Wednesday, February 18, 2015

Scootering The Eastside

The cities and towns located between the eastern shore of Lake Washington and the Cascade Mountains are collectively known as "The Eastside" reflecting, I suppose, a certain Seattle-centric viewpoint. Those whose only experience of this area is driving through it on freeways, dining at chain restaurants that could exist anywhere and thus feel like they are nowhere, or attempting to navigate thru labrinthian cul-de-sac neighborhoods tend to have some negative impressions of the area. My own experience, having lived in the area for several decades and exploring it by foot or human-powered wheel, has been different. There is much to be found that is beautiful and good. The key is to not rush past it.

I tend to rise earlier on my days off than I do on my work days. When my time is my own I like to get in as much adventure as I can. This week, on a Tuesday when I didn't have to work, I was out the door at 6:00 AM, headed up to Redmond to meet up with my friend Mike Kearsley.

The old rail line alongside Lake Sammamish is a trail now. It's paved in Issaquah and Redmond and the section of the trail within the city limits of Sammamish are smooth gravel. Work is ongoing to complete the paving through Sammamish.

I love riding in the night and early morning. It's quiet and I find it is like living in less crowded, less hectic world. Having good lights opens this world to me. My Portland Design Works Lars Rover 450 has proven itself to be a fine, rugged light for my scooter. I run it on its 250 Lumen setting most of the time.

The sky lightens as I work my way north.

There are some houses with amazing views along here.

The dawn is a bit too bright for my camera to capture the pinks and oranges of the sunrise. But I'll remember it.

Here's where I have to leave the trail. I'll ride the next few miles on the shoulder of the Parkway.

The shoulder is fairly good for scootering and at this hour there still isn't too much traffic.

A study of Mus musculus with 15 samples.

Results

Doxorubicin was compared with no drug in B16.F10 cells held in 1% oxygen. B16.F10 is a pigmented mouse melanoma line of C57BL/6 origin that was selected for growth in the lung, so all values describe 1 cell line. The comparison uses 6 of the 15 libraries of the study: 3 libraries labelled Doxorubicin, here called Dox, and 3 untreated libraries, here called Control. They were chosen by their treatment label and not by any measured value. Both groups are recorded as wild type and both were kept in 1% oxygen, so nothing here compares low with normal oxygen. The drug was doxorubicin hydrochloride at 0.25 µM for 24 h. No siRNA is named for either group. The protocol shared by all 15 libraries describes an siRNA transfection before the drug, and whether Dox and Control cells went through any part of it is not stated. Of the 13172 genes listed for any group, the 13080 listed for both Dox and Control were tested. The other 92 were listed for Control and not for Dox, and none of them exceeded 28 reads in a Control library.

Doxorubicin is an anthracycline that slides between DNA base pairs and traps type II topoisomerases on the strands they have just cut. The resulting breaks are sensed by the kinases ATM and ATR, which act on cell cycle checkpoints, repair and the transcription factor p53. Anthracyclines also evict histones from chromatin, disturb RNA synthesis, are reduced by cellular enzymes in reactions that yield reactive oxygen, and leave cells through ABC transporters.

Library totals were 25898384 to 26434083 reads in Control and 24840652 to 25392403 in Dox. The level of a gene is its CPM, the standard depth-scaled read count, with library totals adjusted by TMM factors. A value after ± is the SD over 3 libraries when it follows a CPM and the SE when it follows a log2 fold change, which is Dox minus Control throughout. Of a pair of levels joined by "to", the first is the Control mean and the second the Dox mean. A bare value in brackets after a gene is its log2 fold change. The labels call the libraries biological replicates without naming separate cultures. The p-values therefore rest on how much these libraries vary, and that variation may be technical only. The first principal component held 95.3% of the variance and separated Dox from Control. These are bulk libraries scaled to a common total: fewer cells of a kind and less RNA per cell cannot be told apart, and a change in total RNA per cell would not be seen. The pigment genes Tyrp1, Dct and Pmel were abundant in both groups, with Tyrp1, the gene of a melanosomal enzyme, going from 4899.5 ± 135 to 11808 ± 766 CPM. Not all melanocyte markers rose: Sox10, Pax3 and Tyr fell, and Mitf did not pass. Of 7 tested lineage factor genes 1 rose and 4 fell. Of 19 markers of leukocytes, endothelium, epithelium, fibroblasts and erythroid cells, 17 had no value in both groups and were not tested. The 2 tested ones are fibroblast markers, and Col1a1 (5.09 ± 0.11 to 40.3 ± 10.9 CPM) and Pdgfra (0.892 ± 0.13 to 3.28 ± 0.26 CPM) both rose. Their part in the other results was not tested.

At the Redmond town line, I cut under the Parkway via this little tunnel.

Back on the paved trail.

 Much of the land alongside the trail is wetland wildlife habitat.

The thermometer in Redmond confirms what I'd suspected, it's just above freezing. But the day is definitely going to warm up.

I warmed up with a hot chocolate at the Peets Coffee Shop in Redmond where I met up with Mike. We spent an hour or so discussing the Montana section of the Great Divide Mountain Bike Route, which he'll be riding in July.

We have to stop and take each other's pictures next to some geese on the Sammamish River Trail.

We're riding north, but turned around for these pictures because it made for a much better shot, given the angle of the sun.

We rode the Sammamish River trail to 116th, then over to Willows Road, up to 124th and then west to Slater Avenue. There we connected with the Cross Kirkland Corridor.

We're going to head southwest on the trail. Eventually the trail will extend north from this point as well.

The undeveloped section is currently unimproved.

This section of trail just opened up a few weeks ago.

The trail is mostly very smooth gravel, with asphalt at the road crossings.

Mike is riding a classic old Bridgestone today.

Once it warmed up, Mike and I stowed our warm jackets.

The trail features these nifty solar-powered flashers at the crossings.

A nice map shows the trail as it exists now. An online version of the map can be found here:

They are still constructing the trail around Google's headquarters.

They did a real nice job retrofitting the bridges along the corridor.

A closer view of Mike's MB-1

Mike is the champion of flagging down passers-by to take our picture. By the way, it's about 60 degrees now.

Mike's creative front rack attachment.

This is the current end of the trail. From here we went down the hill to Northrup Way (which is lousy riding) and then connected up with the SR-520 Trail.

We were headed back to Marymoor Park when we met up with this fellow on the trail. Todd is a friendly Senior Quality Engineer at Microsoft and he was happy to answer our questions about his vehicle. He told me people stop and ask him about it a lot!

It's an Organic Transit ELF, a pedal-powered trike with a solar-charged electric assist.

The ELF was super cool. Not cheap, but if you sell your Tesla you could buy about ten of 'em.

Mike headed north to his home in Woodenville, and I returned to Marymoor Park where I filled my water bottle and headed south.

Marymoor Park has WiFi.

The day warmed up nicely.

They should be done with paving the northern section of the Lake Sammamish Trail later this spring.

Some of the trail work in progress.

Back on the gravel trail. I'd been going slower and slower. I thought I was just getting tired.

 It turns out I had a slow leak in my rear tire. It's a good thing I travel with tools.

The Portland Design Works 3Wrencho is a great little tool, serving as both a 15 mm wrench and a very well-shaped, sturdy tire lever.

A sharp little bit of green glass was the culprit.

Back in action.

Rolling into Issaquah.

Back downtown.

The Rainier Trail goes right by the old train depot. Most of the trails I've been on today are built along the old rail routes.

Just under 46 miles for the day, seven hours of rolling time. I would've been a bit faster if I'd noticed the low rear tire sooner.

I was famished when I got home. I demolished a large bowl of pasta and the remains of a Valentines box of chocolates. I regret nothing!